New Clashes Break Out in Myanmar’s Shan And Kachin States

myanmar-shan-state-army-feb7-2015.jpg Shan State Army-South soldiers take part in a military parade at their headquarters in Loi Tai Leng in eastern Myanmar's Shan state, Feb. 7, 2015.

New clashes between armed ethnic groups and Myanmar’s army have resulted in deaths on both sides, commanders of the armed groups said Tuesday, straining the progress that has been made in the lead-up to a signing of a nationwide cease-fire accord to end decades of civil war.

Fighting in northeastern Myanmar pitting Shan and Palaung rebels against government troops from infantry units 510 and 516 in Shan state resulted in the deaths of troops from both sides in Namhsan and Yatsout townships, said Col. Sai Lai, spokesman for the Restoration Council of Shan State/Shan State Army.

“We heard that one from the government army was killed in Namhsan and one in Yatsout,” he told RFA’s Myanmar Service. “No one from our side was killed.”

Clashes also ensued between government soldiers and Palaung State Liberation Front (PSLF) troops in Kyautme and Mongmit townships, said Col. Ta Phone Kyaw of the PSLF.

“The government army has been attacking us with five columns, and we have been fighting for three days," he said. "Three people from our side have injuries, and we heard that about 10 government soldiers had been killed. They have been attacking us with heavy weapons and fusillades.”

Meanwhile, fighting between the Kachin Independence Army (KIA) and government troops, which broke out earlier this month in northern Myanmar’s Kachin state, has forced about 200 villagers in Mansi township to flee their homes, said Naw Mine, a refugee camp official.

“Both sides have used heavy weapons,” he said. “We don’t know what will happen next with the fighting still going on. We don’t have places to stay and food to eat. It is difficult because all people fled their homes without carrying anything. We have about 200 people from 60 households here.”

An attack by the KIA on a government military convoy between Khachin and Kaunglwin villages on Sept. 7 killed a warrant officer and 15 troops, according to a report by Eleven Myanmar media group. The KIA also clashed with army soldiers on May 5-24.

About 40 percent of Myanmar citizens live in areas that routinely experience armed conflict, and roughly 650,000 have been forced to flee their homes because of the hostilities, according to information presented during a Sept. 20 meeting between the government’s Union Peace-Working Committee (UPWC) and civil society organizations, Myanmar Eleven reported.

NCA essential for peace

The clashes and casualties come as the government plans to sign a nationwide cease-fire agreement (NCA) with armed ethnic groups during the first week of October, paving the way for political dialogue among the participants to start in January.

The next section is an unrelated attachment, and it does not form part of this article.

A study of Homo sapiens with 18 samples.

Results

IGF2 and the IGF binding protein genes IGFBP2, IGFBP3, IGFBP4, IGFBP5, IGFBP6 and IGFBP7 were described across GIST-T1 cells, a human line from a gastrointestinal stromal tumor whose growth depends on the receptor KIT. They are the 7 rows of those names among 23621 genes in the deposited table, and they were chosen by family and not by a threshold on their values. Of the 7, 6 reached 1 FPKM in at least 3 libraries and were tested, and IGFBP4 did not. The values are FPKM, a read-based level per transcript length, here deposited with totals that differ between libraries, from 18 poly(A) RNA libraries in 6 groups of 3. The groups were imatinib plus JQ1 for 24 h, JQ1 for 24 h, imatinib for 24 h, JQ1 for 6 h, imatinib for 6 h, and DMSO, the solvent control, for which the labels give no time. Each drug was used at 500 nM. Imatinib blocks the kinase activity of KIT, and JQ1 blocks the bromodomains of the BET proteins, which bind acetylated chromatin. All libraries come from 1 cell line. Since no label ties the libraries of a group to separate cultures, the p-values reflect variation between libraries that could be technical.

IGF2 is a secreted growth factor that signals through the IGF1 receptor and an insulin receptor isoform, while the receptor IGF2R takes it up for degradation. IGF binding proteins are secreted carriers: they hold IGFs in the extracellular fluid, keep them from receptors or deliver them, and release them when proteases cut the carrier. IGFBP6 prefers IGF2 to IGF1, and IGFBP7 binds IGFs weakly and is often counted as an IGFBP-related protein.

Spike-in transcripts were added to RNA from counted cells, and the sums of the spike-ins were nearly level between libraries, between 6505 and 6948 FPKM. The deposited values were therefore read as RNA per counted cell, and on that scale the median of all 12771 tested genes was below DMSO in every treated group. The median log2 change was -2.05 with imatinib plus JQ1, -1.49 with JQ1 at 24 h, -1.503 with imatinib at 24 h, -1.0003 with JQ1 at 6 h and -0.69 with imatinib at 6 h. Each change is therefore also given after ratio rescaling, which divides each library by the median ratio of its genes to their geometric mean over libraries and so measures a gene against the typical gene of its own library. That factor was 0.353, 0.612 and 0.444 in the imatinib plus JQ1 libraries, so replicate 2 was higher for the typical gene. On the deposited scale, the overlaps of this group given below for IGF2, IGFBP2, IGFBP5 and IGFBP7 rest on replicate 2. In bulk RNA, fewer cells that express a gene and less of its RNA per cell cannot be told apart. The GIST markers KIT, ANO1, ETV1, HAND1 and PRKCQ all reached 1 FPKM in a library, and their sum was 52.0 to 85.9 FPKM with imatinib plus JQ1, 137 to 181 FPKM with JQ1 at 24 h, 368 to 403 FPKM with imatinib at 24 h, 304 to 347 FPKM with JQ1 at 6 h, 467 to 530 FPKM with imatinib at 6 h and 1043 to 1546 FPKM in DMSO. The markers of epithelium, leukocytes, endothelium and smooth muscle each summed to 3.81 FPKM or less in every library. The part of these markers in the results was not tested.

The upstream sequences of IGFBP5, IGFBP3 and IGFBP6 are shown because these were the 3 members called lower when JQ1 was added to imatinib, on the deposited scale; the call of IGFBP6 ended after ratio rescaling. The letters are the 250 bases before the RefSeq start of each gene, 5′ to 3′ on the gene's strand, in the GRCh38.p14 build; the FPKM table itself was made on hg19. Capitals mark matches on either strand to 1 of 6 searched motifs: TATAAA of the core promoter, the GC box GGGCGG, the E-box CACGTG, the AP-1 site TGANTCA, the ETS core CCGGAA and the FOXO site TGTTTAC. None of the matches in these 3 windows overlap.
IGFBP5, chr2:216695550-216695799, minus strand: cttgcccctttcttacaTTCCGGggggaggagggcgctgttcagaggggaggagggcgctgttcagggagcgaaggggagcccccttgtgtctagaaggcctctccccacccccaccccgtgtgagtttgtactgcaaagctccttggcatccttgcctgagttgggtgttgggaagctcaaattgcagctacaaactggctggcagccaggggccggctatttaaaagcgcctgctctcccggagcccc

They also come amid campaigning by Nobel laureate Aung San Suu Kyi, who vowed during a televised speech on Monday that her National League for Democracy (NLD) party would pursue peace should it win the Nov. 8 elections. She said an NCA should be based on mutual respect and trust.

“After signing the NCA, we have to [prepare] to hold political dialogue, which is essential for peace and as a foundation to build a federal union,” she said during the speech. “The government we will have after Nov. 8 election must implement this political dialogue. If people support the NLD, the party is ready to take on the responsibility to form a government.”

During another campaign speech on Tuesday in Dedaye township of Pyapon district in the Irrawaddy region, Aung San Suu Kyi urged voters not to be afraid of retaliation by officials if they vote for the NLD, as she did the day before when addressing supporters in her rural constituency of Kawhmu just outside Yangon.  

“If some people or some organizations have threatened you not to vote for the NLD, it is a violation of the law,” she said. “Please think about whether to trust people who are violating the law. They do this because they have no respect for people, and it means they believe they can buy people.”

So far, the UPWC has held nine official meetings with the Nationwide Ceasefire Coordination Team (NCCT), which represents 16 of the country’s armed ethnic groups, to discuss the signing of the NCA.

Reported by Myo Zaw Ko, Khin Maung Soe, Khin Khin Ei, Kyaw Myo Min and Aung Moe Myint for RFA’s Myanmar Service. Reported by Khet Mar. Written in English by Roseanne Gerin.